Debitoor's accounting dictionary

Superannuation - What is superannuation?

Superannuation is a programme put in place by the Australian government to encourage individuals to partake in added savings for retirement


Superannuation or ‘super’ generally requires Australian residents to put a percentage of their income towards saving for their retirement. Contributions to a super also come from employers, as well as sometimes the Government in the case of low-earners.

How superannuation works

In Australia, a superannuation fund comprises of regular contributions added over the course of an individual’s career. The fund is pooled and invested in assets in order to continue to grow both from interest and from continued contributions.

It is possible for you to select the type of fund you would like your super contributions to go to, but there are limitations so it’s important to discuss your choice with your employer. There is a standardised form to fill in to specify your fund.

However, depending on your employer or industry, it might not be possible to choose your fund. In these cases, your employer will send all contributions to a default ‘MySuper’ account.

Contributing to your superannuation

As mentioned above, there are a few different sources of contributions to your super account. They include a combination of the following, depending on your employment situation:

Employer super contributions: Similar to a pension, your employer will pay a percentage of your salary into your super. This amount is usually 9.5% of your salary on top of your existing salary.

Personal super contributions: For personal contributions to your superannuation fund, there are a number of different options.

  • Salary sacrificing: This is an organised means of contributing a designated amount of your salary, deducted automatically before tax. This amount is then sent to your super along with your employer contributions.
  • Direct personal contributions: Involves contributing from your salary after tax, through your employer. If you are considered a low-earner (less than $37,000 as of July 2017) and choose this method, you might be eligible for supplemental contributions from the government.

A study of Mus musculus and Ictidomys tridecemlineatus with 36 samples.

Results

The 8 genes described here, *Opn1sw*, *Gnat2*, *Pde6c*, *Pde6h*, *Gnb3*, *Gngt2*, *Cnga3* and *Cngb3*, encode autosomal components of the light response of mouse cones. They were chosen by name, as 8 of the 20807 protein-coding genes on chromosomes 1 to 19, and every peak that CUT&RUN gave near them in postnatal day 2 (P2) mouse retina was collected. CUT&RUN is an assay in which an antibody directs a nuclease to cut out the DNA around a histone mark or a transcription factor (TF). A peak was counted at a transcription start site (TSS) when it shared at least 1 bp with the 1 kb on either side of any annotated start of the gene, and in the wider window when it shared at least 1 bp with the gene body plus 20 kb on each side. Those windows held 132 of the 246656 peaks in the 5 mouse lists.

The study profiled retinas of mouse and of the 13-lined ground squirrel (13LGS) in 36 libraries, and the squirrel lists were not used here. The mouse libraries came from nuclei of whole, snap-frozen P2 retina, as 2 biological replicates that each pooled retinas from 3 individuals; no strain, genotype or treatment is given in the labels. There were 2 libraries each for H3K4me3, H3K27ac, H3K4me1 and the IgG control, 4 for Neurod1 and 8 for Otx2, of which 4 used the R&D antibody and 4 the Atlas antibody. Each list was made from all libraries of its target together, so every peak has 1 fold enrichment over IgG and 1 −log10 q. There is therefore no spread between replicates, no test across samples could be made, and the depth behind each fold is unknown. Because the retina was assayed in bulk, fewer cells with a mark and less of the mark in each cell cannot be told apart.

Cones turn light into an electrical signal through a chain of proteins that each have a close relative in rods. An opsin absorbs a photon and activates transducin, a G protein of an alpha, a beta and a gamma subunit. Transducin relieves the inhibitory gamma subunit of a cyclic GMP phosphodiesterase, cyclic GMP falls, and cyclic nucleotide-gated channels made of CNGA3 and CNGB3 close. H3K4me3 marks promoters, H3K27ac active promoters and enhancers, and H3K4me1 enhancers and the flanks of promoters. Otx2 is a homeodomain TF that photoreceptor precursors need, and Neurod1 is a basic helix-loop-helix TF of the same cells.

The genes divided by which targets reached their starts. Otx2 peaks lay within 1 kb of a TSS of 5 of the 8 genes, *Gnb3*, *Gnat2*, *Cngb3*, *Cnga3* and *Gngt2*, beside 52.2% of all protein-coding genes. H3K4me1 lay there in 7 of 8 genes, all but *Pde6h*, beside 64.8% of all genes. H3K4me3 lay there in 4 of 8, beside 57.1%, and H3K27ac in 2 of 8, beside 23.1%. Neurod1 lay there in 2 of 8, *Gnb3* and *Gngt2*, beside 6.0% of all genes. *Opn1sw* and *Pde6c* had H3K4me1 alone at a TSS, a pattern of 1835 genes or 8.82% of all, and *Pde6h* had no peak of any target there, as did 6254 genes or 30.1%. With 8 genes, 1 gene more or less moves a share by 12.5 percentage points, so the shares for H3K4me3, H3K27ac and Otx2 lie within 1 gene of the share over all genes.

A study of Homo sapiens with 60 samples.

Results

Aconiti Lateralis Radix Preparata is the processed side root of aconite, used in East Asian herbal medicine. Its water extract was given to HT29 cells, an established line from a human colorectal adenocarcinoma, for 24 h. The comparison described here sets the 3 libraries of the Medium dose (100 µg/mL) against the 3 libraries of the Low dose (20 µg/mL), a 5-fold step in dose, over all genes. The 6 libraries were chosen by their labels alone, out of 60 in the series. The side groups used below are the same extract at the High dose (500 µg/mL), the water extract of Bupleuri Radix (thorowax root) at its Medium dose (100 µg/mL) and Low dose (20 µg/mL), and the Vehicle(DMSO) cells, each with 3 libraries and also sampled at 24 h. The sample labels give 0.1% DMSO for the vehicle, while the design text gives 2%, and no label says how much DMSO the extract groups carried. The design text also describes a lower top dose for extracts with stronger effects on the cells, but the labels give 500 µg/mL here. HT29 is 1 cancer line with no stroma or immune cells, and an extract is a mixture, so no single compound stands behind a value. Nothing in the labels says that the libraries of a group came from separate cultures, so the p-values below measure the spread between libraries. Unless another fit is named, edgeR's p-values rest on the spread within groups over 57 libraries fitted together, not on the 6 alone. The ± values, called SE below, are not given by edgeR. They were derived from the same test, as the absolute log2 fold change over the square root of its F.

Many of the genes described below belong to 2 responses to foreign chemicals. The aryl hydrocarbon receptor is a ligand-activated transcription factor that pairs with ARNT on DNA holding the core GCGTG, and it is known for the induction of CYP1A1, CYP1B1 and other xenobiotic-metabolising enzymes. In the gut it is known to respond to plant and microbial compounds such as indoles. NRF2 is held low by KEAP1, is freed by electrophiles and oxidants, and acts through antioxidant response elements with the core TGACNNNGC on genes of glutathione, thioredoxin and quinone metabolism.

• Bank or fund transfers: It’s also possible to transfer money directly to your super account, either from a bank account or from another fund. It is often recommended to combine funds if you have multiple supers, in order to avoid unnecessary additional fees.

Government super contributions: For low-earners who contribute personally to their super after tax, there is an opportunity to receive co-contributions from the government equaling up to $500.

Once you retire, you can access your super as a pension account, providing you additional financial resources. At retirement age, you can decide whether to open up your super account so you have access to the full amount, or to have it function as an income stream.

Self-employment and superannuation

If you are self-employed, it is of course up to you to make contributions to your super. If you’ve previously been employed and already have a super set up, it’s possible that you can continue to make personal contributions to this fund once you set out as self-employed.

How you contribute to your super then depends on one factor: how you receive payment for your work. This means that you either have set a wage for yourself or receive income less regularly depending on business income.

  • If you have a wage: you can set up a system to transfer a specified percentage, similar to how it would work with employer contributions.
  • If you work on income: you can make contributions from time to time when you have a comfortable revenue situation.

In either case, it’s always recommended to discuss your superannuation contribution plans when you’re self-employed to ensure that you’re on track for retirement.

In making contributions to a super when self-employed, there are some advantages:

  • Lower tax (15%) on earnings
  • Tax-free benefits after the age of 60 under the super release
  • A tax deduction for your contributions (up to a certain amount)

This will require you to make regular contributions to a super while self-employed in order to qualify for the above benefits.